It Takes a Village

by Willa Handy, AmeriCorps member at Trevitt Elementary

One of City Year's founding stories is from the Igbo proverb "It takes a whole village to raise a child." I find so much truth in that proverb. By growing up in a very small and close-knit town, most of us were indeed raised by the whole "village." Our family activities were often full of people who were not born family but had become family, and no matter whose momma told you to stop doing something, you stopped! Now that I'm serving with City Year, I see the importance of all of us, as corps members, staff, teachers, parents, and community members, being parts of the village it takes to lead our students to success.

Our Trevitt Team, as well as our entire 2016 – 2017 Corps, is more than just physically diverse. We are as diverse as the food brought to a potluck dinner, with most of us coming from different cities and towns across the country and holding different degrees from different universities. Our differences give us all very unique experiences and skills to share but that alone is not enough for us to be parts of the village needed to raise our children. We must also have the same goal in mind, and we do: to push our students to see, reach and apply their full potential.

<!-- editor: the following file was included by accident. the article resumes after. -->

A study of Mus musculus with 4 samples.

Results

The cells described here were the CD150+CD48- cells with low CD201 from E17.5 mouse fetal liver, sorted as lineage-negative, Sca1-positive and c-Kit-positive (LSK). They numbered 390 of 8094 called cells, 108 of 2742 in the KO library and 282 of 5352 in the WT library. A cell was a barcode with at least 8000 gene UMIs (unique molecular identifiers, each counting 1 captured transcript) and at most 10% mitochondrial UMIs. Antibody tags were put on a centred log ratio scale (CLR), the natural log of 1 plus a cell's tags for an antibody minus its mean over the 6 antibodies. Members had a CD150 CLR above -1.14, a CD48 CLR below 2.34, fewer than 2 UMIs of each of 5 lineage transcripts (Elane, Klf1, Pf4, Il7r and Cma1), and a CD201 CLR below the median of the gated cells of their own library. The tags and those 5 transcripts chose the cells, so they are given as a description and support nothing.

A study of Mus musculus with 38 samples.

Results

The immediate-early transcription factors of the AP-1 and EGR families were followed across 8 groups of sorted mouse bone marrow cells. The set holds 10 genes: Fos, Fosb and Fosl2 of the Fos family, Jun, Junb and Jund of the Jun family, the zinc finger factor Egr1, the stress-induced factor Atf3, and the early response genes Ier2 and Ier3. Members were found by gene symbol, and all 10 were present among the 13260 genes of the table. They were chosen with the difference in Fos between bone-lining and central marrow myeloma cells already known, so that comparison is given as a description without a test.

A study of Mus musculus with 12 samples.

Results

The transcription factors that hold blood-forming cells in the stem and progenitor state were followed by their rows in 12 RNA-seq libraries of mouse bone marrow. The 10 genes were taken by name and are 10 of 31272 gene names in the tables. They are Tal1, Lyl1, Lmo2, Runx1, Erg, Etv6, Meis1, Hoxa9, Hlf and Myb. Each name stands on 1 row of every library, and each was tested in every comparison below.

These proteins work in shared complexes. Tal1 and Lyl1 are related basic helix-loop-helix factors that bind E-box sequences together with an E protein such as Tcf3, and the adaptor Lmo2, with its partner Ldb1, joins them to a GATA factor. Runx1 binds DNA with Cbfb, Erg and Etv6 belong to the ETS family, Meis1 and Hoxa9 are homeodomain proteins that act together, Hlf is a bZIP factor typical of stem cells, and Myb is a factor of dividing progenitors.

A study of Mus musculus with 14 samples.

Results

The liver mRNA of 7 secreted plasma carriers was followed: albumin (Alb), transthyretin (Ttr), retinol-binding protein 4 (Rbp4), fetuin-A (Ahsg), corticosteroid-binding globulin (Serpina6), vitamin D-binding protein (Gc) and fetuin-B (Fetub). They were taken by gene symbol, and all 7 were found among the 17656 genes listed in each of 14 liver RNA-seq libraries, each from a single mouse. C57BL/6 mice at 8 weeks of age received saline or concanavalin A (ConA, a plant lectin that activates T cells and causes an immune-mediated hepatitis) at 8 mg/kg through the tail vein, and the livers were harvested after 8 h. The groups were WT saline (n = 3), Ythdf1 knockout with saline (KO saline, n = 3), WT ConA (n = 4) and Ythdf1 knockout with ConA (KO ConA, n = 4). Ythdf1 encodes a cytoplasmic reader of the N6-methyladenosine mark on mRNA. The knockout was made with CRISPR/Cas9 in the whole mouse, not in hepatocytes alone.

Our service is like the aforementioned potluck dinner. Everyone is expected to bring something, but the chance of everyone bringing the exact same dish is slim to none. The spaghetti making task would likely be delegated to whomever has nearly perfected the art of spaghetti making, and we'd probably ask whoever knows their Granny's secret recipe to bring the peach cobbler. The dinner would be best with everyone bringing something different that they've practically mastered making and the same idea can be applied to our service. In a potluck dinner, the goal is to feed everyone a delicious and filling meal by bringing your own particular dish and sharing it. This year, each member of our corps brings something special to our table of service. We all have our own strengths and talents and if our service really was a potluck dinner, we'd be able to work together to serve our students a wonderfully flavored and filling meal. While what we alone can bring to the table may suffice, children benefit most from our collective efforts to help them. This year, we will do as the Igbo people see fit. We will be the whole village it takes to raise our children.